Houses are 20% to 30% off what they were last year,  real estate broker says

Josh and Amanda at home,

Evan Curtis unpacks in his new home off of d 1/2 Road.

Thanks to low interest rates, a 2009 tax credit and a market catered to them, first-time homebuyers are driving the local real estate market for the first time in at least two decades, local real estate agents said.

Many of those buyers are young and single, such as Ryan McConnell, 30, and Evan Curtis, 28. Others are young couples such as Josh and Amanda Meuwly, 25, and 22.

“It’s a buyer’s market, and we’ve been in a seller’s market for years,” said Joe Reed, a real estate agent for five years, including the past two with RE/MAX 4000.

Spend a few minutes with local first-time home buyers, and it’s easy to see that, although 2009 has brought an increased number of foreclosures in the county, the downturn in the real estate market is a blessing to others.

The Meuwlys, as well as McConnell and Curtis, purchased their homes within the past eight months.

All said they would not have been able to buy a house even a year ago.

“Homes are like 20 or 30 percent off what they were last year,” said Andrea Haitz, a real estate broker for Keller Williams. “It’s like going to the mall when everything’s on sale.”

And the Meuwlys took advantage of the sale.

When Amanda Meuwly, who works at St. Mary’s Hospital, toured a home last October, she and her husband didn’t think they would eventually buy a home in the same subdivision.

In October, the new three-bedroom, two-bathroom home she walked through was listed at about $200,000, with thousands of dollars more required for upgrades such as countertops and appliances, Amanda and Josh, a graphics designer with his 970 Productions Business, decided the home was out of their budget.

Fast forward to April, when the Meuwlys closed on a home several doors down from the one Amanda Meuwlys toured in October. It also has three bedrooms, two bathrooms and an attached garage. The difference was that the home the Meuwlys bought in April cost $170,000, with a minimal additional expense to upgrade to stainless steel appliances.

“People said, ‘I bet you’re glad you waited,’ ” Amanda Meuwly said. “We are. We got a better deal.”

They locked in an interest rate of 5.2 percent with a monthly mortgage payment of $1,100, compared with the $1,500 they were paying in rent.

In addition, they will receive an $8,000 tax credit as first-time homebuyers as part of the American Recovery and Reinvestment Act of 2009.

Evan Curtis, an employee with the city of Grand Junction, plans to use his tax credit on landscaping.

Curtis moved into the same subdivision as the Meuwlys when he bought his home for nearly $180,000 in June. The interest rate on his loan was 4.82 percent.

Curtis is still unpacking while refinishing new hardwood floors. But he has picked out a stylish area rug, framed artwork and a dining room table to give his first home a more adult feel.

“Anytime you make a large decision, you worry about it, but it settles quickly,” Curtis said while he played with his pet pug on the living room floor. “I’m happy about it. This was a good purchase.”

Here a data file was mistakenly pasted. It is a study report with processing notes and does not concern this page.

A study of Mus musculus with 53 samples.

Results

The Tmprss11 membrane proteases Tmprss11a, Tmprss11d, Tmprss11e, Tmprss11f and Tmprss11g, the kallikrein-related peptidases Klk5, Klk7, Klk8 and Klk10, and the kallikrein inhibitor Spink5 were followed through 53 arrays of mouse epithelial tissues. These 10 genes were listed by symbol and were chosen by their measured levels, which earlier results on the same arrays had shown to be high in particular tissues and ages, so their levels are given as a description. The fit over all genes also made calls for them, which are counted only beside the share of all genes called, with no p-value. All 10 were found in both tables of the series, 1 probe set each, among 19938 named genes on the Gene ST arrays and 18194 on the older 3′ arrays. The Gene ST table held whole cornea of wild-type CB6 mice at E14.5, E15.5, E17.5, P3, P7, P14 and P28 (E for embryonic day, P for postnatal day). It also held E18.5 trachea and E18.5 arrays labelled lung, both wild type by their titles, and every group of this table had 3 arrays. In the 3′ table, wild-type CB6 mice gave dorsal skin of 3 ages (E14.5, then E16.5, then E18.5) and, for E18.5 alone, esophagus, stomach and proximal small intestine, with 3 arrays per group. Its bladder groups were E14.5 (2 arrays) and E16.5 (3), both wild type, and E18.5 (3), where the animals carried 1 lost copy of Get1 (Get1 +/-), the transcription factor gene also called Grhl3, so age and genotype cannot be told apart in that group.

Curtis and the Meuwlys worked with Reed during the home-buying process. Reed estimated that 40 percent of his clientele during the past year has been first-time home buyers. Since September 2008, Haitz estimated that 50 percent of her clients, including McConnell, were looking to buy their first homes.

That hasn’t always been the case for either real estate agent, they said.

Haitz got her license two years ago but has been in the real estate business for about five years, building and selling homes. As recently as two years ago, homes listed at $250,000 or more were the fastest properties to move in the Mesa County real estate market, she said.

Since October 2008, the properties quickest to sell are listed at $200,000 or less. In fact, homes listed at $160,000 or less are “typically not on the market longer than 30 days,” Haitz said.

In a buyer’s market, such as this one in the Grand Valley, homebuyers can be pickier about what they want and how quickly they need to decide, Haitz said. In previous years, it wasn’t uncommon for multiple offers to be on the table for the same house, so buyers sometimes competed against each other.

When McConnell decided to give up his rental near Bookcliff Middle School and move into a new place last year, he specifically wanted a town home near St. Mary’s Hospital so he wouldn’t have to do yard work and so he could walk to work.

He bought a three-bedroom town home in December 2008 near St. Mary’s for $170,000.

In hindsight, had he waited one more day, he would have been eligible for the $8,000 tax credit in 2009, but he has no regrets about the process of buying a home. He locked in an interest rate of 5 percent.

“I walk home from work, and this is mine,” McConnell said.

First-time homebuyers likely won’t see their homes quickly appreciate at double-digit levels as houses have in the past, Reed said. However, no matter what home people live in, weathering the ebbs and flows of the real estate market is essential, Haitz said.

First-time homebuyers seem to understand what they are getting into financially in the present and future.

“The gratification of helping a first-time homebuyer is immense,” Reed said. “They appreciate the lender. They appreciate the Realtor. When I handed Josh and Amanda the keys to their first home for the first time, Amanda almost started to cry. They were so happy. They were so excited.”

Haitz agreed that helping buyers during the past year has been rewarding.

“Everyone wanted us to wait (to buy a home) because they were fearful of what was going to happen next,” Amanda Meuwly said. “Now, that we look back, it was the perfect time.”